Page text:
Eco Tech Serbia organized Eco Tech MeetUp #4 Mix and Move on September 24 to mark Climate Diplomacy Week and European Mobility Week and present local ecomobility solutions, as well as raise the awareness of the diversity and availability of environmentally friendly means of transport.
Eco Tech MeetUp focused on electric scooters and electric bicycles, the CAR:GO ride sharing app, the Pedaliranje cycling app, and the Obilićev Venac garage, the first garage in Europe to have received the Parksmart certificate recognizing high-performing, sustainable garages.
Serbian Uber and electric scooters
CAR:GO is the Serbian answer to Uber. The app enables users to share a ride from point A to point B, in Belgrade, Zagreb, and Podgorica. Using the app requires installing it, registering, and opting for a payment method, which can involve a credit card, a Telenor Banka account, mts credit, or PayPal. Once the user reaches the destination, the system automatically charges the ride and emails the receipt.
Aleksandar Vučić, executive director at CAR:GO, says the idea is for the app to expand to other means of transport as well, including bicycles or scooters, as is the global trend.
“The idea is to offer multiple options to clients to transfer from point A to point B,” he said.
Sveta Simić, managing partner at Motogrini, presented the first Serbia-made electric scooter, comes with a price range of EUR 1,700 to EUR 2,900, a seven-year warranty, and the option to charge it using a simple electric outlet. A single charge makes for a 60-kilometer to 100-kilometer ride.
The electric scooters are economical compared to regular scooters – Motogrini’s electric scooter consumes only EUR 6.4 worth of electricity in the April-November period, compared to the regular 50cc scooter’s consumption of fuel worth more than EUR 400.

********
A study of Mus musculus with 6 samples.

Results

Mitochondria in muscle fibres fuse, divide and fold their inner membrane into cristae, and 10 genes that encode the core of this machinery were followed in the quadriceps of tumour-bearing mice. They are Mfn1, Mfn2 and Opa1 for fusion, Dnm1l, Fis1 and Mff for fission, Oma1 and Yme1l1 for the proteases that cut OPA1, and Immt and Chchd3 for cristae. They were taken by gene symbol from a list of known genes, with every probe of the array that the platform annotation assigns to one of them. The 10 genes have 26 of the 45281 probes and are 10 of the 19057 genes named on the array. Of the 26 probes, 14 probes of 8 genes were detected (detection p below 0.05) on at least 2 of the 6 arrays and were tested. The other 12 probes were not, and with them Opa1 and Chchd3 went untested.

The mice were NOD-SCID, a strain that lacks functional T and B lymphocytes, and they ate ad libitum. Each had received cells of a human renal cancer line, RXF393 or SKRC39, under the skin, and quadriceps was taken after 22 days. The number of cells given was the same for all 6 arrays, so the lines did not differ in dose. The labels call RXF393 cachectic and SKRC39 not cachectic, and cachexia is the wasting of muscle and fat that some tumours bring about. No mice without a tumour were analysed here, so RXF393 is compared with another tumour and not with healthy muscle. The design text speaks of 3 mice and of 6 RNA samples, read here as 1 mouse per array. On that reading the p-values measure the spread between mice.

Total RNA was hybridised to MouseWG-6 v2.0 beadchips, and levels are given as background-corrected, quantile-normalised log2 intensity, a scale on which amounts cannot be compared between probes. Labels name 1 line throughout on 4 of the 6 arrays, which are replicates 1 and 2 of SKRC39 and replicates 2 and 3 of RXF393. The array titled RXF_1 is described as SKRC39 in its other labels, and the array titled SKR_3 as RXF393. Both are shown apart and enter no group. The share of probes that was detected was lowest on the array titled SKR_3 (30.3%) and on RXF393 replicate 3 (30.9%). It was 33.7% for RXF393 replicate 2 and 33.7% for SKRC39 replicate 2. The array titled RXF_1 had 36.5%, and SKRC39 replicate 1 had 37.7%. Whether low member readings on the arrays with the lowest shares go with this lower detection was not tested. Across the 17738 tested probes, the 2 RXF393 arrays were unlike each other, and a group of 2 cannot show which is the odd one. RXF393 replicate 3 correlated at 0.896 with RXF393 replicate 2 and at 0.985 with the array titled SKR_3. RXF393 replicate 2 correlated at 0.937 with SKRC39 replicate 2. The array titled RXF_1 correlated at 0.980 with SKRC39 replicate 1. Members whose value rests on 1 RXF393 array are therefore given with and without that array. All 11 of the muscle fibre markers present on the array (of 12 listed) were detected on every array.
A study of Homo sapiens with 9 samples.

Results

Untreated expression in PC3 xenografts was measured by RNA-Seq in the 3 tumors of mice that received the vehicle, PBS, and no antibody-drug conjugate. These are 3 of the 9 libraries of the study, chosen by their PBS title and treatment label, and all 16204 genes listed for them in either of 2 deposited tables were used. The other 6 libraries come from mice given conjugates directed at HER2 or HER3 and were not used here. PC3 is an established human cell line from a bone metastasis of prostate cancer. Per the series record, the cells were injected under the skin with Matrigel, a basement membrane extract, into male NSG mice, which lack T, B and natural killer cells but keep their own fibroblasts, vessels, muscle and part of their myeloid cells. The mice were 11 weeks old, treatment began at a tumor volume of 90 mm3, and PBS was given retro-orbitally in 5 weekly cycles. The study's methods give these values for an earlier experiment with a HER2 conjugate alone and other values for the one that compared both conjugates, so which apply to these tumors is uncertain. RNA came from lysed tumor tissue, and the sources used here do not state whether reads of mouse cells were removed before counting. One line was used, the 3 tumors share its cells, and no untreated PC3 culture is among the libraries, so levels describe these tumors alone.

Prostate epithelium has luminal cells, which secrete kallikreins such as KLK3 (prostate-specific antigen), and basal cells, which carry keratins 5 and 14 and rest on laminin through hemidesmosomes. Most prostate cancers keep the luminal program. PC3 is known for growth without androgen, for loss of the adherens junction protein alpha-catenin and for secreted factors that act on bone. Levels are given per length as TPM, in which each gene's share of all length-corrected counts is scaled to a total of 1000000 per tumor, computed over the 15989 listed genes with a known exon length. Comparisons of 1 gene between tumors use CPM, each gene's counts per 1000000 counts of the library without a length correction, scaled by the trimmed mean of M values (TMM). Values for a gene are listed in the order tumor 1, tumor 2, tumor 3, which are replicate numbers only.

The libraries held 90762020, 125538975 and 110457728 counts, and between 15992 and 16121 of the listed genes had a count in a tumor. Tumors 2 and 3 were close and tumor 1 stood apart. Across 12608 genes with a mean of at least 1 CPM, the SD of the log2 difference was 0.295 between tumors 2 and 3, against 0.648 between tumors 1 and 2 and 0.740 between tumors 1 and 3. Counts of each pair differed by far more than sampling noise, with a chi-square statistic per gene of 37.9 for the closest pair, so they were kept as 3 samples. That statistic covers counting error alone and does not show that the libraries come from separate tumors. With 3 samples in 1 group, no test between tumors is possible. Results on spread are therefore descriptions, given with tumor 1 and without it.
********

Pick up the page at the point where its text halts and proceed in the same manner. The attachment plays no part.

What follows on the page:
“State subsidies would help develop this means of transport, and we hope this will happen soon,” says Simić.
Simić notes that each Motogrini scooter is unique, with a different body pattern.
A bicycle with a GPS system and a cycling app
E-Prime manufactures electric bicycles which can be used as standard bikes, relying on pedals alone, as standard bikes, relying on pedals and the electric drive, and as electric bikes, with no use of pedals.
Milan Manojlović, E-Prime co-founder, says the electric bike is ideal for major cities and traffic jams, with long distances not being an issue thanks to the electric drive.
He says that E-Prime continues to perfect its models and is preparing to launch exports to the region, as well as the EU. These bikes are priced from EUR 1,000 to EUR 2,000 and come with features such as fingerprint activation, GPS tracking, and an alarm.
The Pedaliranje app helps cyclists in Belgrade move around more easily, but also strengthen their community and campaign for a better position. The app comes with a map of bike lanes and locations important to cyclists, such as filling stations with compressors, formal and informal services, water fountains, and stores. It also enables app users to connect.
Dina Čubrić, one of the app’s co-founders, says that cyclists encounter many problems, such as those concerning parking and bike lanes.
“The idea is to change this, including by calling public attention to the presence of cyclists and the need for co-habitation with them rather than ignoring them,” Čubrić said.
Garage with solar panels
Belgrade’s public parking management company Parking Servis presented the Obilićev Venac garage in downtown Belgrade, the first garage in Europe to have received the Parksmart certificate recognizing high-performing, sustainable garages. The garage, whose reconstruction was completed last year, now has solar panels powering LED lighting, electric vehicle chargers, 40 bicycle parking spots, and bikes for rent.
Thanks to the investment, the garage has cut its costs by a third, while increasing the number of parking spaces by 30%. Biljana Vlajić, head of investment and construction at Parking Servis, said that the reconstruction of the garage shows that the public company follows urban mobility trends and seeks to make the city more livable.
“The idea was for the project to also help raise environmental awareness,” she said.